To Parents Revisited

6 years ago now, I wrote an open letter to parents of gender diverse kids.  It generated some response, including a few people pointing out that I wasn’t a parent. Well, I am a parent now. I’ve been a parent for 4 years. I’m the parent of a vocally non-cisgender child as well. And I’ve read over that post a few times with my evolving viewpoint.

I smile sadly and shake my head, knowing that my self from 6 years ago would be rolling their eyes at me.

I’m glad that I wrote it before having kids, I don’t think I would have been as harsh now. That would have been a disservice. It needs to be harsh. It needs to make you think. It needs to make your stomach squirm.

I now have far more sympathy for how complicated and difficult parenting can be, yes. I also believe even more strongly that parents can’t afford to be complacent when it comes to gender creative, gender variant, gender diverse, transgender kids.

We have to question ourselves, we have to face our discomfort and fear.

4 years ago now, my eldest child expressed that they’re sometimes a boy and sometimes a girl. That has continued until this day.

I am scared for my child, and I’m also worried for myself. I worry what people will think of me. I squirm with uncertainty, not wanting to be seen as pushing my lifestyle on my kid. Sometimes I wish my child were normal. Sometimes I wish my kid could just be a trans girl instead of “a kid”. Our kid asked to wear a skirt to school one day and my partner and I both breathed a sigh of relief that we honestly couldn’t find the skirt. Neither of us were ready for that. But our kid was.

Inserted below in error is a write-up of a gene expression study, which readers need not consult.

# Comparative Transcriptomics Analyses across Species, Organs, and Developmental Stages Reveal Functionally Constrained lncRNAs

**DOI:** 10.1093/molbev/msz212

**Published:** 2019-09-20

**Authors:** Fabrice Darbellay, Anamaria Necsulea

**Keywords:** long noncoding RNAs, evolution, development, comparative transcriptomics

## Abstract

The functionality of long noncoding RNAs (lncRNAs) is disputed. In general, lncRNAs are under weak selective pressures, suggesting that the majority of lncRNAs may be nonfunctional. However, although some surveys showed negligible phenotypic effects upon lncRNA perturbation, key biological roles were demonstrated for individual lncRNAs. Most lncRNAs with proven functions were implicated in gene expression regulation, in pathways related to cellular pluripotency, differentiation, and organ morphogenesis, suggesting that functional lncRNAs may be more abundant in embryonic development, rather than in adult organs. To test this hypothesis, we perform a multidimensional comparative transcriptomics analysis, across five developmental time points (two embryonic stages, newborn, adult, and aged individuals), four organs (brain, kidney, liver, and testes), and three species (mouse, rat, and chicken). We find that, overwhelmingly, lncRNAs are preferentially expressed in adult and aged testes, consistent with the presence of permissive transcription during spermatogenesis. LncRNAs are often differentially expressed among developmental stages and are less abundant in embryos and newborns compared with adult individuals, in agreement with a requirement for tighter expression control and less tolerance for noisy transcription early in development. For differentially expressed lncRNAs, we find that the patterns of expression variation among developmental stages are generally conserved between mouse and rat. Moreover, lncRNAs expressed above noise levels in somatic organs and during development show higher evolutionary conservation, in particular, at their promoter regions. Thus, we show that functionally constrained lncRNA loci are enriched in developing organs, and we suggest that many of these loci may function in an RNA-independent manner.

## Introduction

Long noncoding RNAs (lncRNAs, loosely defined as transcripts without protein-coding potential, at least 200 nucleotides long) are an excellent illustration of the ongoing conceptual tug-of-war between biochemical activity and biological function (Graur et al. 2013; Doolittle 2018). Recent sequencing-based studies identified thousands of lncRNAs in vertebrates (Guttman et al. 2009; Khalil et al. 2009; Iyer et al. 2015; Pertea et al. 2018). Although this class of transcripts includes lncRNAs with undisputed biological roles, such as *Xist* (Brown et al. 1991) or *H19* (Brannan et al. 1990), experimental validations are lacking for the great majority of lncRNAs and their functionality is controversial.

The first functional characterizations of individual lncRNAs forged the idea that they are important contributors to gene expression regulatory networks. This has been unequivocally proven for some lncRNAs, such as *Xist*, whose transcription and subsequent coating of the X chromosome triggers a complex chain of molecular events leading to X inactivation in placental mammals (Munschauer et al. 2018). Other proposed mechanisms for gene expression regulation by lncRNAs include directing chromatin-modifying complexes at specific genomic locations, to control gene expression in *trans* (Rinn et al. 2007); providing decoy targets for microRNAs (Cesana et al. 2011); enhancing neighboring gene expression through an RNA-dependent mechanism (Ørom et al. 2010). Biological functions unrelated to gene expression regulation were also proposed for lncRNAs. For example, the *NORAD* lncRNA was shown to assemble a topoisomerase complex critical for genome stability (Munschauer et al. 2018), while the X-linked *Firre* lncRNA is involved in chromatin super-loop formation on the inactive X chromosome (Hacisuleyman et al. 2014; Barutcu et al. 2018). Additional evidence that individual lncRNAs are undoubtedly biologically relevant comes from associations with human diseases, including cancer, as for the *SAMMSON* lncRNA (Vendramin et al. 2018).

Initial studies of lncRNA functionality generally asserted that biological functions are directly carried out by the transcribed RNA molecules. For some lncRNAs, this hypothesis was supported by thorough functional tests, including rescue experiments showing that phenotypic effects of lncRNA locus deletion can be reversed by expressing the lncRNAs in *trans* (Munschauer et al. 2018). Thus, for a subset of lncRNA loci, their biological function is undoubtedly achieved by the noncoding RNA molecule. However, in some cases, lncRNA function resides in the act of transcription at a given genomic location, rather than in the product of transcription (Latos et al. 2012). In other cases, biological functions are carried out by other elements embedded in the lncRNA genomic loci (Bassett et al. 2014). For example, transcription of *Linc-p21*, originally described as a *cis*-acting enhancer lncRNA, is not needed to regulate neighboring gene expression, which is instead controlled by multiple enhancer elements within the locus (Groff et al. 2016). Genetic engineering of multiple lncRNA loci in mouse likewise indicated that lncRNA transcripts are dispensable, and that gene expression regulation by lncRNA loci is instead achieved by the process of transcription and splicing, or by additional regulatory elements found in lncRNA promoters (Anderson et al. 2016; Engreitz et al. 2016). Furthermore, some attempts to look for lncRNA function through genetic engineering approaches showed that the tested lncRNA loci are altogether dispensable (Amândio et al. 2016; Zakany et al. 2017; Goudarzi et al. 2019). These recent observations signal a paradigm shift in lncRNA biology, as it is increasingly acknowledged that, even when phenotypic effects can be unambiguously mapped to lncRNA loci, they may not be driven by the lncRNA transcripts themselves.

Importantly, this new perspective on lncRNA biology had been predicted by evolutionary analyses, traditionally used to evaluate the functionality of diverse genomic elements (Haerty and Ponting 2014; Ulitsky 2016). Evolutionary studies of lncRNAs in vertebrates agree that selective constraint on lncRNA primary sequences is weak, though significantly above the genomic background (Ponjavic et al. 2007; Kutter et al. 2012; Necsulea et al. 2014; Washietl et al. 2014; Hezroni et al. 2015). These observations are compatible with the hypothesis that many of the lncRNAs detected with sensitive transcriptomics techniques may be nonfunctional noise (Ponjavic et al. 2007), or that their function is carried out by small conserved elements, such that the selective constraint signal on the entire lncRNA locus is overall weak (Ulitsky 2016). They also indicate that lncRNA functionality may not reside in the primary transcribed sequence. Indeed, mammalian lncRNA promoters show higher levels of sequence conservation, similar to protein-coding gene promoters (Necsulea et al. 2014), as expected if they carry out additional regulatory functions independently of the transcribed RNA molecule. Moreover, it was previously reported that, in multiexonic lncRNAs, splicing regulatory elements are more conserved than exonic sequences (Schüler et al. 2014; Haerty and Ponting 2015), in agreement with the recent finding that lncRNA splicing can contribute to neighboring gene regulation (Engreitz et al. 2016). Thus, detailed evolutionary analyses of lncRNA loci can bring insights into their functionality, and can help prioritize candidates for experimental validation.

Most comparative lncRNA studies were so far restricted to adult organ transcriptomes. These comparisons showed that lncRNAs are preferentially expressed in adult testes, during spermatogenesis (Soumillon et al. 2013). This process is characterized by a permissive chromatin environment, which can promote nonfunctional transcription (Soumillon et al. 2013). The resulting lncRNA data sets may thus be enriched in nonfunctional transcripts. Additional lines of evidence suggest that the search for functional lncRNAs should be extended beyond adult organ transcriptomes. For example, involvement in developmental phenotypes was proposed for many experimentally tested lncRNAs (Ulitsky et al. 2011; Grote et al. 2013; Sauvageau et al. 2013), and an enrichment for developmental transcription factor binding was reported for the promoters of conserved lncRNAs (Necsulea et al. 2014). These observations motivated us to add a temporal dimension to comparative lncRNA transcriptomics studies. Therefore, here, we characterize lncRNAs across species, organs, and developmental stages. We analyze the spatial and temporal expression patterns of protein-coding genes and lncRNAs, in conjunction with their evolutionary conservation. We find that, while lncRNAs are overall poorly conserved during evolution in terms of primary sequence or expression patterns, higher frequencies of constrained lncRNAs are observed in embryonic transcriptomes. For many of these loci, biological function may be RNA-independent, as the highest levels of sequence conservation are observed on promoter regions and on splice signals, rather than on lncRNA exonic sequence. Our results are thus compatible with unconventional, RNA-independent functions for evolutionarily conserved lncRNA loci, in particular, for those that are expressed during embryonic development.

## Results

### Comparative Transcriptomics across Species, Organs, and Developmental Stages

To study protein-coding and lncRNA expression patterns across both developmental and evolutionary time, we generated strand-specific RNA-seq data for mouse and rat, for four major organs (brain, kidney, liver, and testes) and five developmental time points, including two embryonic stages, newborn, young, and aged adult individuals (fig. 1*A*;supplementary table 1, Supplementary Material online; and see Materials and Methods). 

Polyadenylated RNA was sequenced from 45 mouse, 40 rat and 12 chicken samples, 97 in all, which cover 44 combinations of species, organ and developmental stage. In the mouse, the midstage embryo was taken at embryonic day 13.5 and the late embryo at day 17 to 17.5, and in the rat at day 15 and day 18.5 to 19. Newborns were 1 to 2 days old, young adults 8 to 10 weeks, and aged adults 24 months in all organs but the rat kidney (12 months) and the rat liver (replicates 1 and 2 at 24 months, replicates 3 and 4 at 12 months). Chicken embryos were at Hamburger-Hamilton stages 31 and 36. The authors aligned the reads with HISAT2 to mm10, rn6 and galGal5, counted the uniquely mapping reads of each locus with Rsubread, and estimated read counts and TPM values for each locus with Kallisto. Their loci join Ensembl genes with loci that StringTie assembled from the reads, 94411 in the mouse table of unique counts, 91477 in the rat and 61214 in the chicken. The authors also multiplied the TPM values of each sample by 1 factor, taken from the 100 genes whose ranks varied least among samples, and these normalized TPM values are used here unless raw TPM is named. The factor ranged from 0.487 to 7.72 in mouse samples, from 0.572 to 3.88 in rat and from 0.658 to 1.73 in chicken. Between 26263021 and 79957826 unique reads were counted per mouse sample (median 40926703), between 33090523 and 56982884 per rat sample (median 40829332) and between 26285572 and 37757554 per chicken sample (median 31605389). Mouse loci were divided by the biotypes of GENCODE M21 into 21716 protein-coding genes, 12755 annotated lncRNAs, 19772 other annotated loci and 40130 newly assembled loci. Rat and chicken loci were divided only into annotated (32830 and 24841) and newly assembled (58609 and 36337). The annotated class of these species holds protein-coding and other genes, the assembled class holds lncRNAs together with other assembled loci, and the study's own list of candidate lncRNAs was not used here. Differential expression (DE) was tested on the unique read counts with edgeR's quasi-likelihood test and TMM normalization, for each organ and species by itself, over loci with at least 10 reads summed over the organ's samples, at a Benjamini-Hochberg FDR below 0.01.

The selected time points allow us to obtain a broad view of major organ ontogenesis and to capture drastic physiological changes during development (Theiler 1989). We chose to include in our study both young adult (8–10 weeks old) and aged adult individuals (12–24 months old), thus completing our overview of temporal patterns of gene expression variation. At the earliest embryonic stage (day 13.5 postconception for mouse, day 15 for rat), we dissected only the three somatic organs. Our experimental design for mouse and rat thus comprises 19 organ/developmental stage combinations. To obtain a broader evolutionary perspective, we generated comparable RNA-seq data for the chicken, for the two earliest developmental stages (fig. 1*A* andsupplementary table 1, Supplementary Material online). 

I hope that sharing this will bring a bit of solace to any parents reading this. Because this can be tough. Those feelings can come up in anyone, and it’s important to recognize them and honor where they’re coming from. But those feelings? They’re me problems. I have to work (actively, with difficulty) not to let those feelings control how I act towards my child.

We have to be brave enough to conquer our own discomfort and pain and fear. And when queer, transgender, gender variant adults tell us that what we’re doing doesn’t work- we need to listen.

We don’t need to take it as 100% fact.  We need to listen. We need to look at what we’re doing and question it. Can we be doing better? Are we letting our own preconceived notions, our own fear, our own ego blind us to our child’s needs? Sometimes, the answer to that will be “yes”.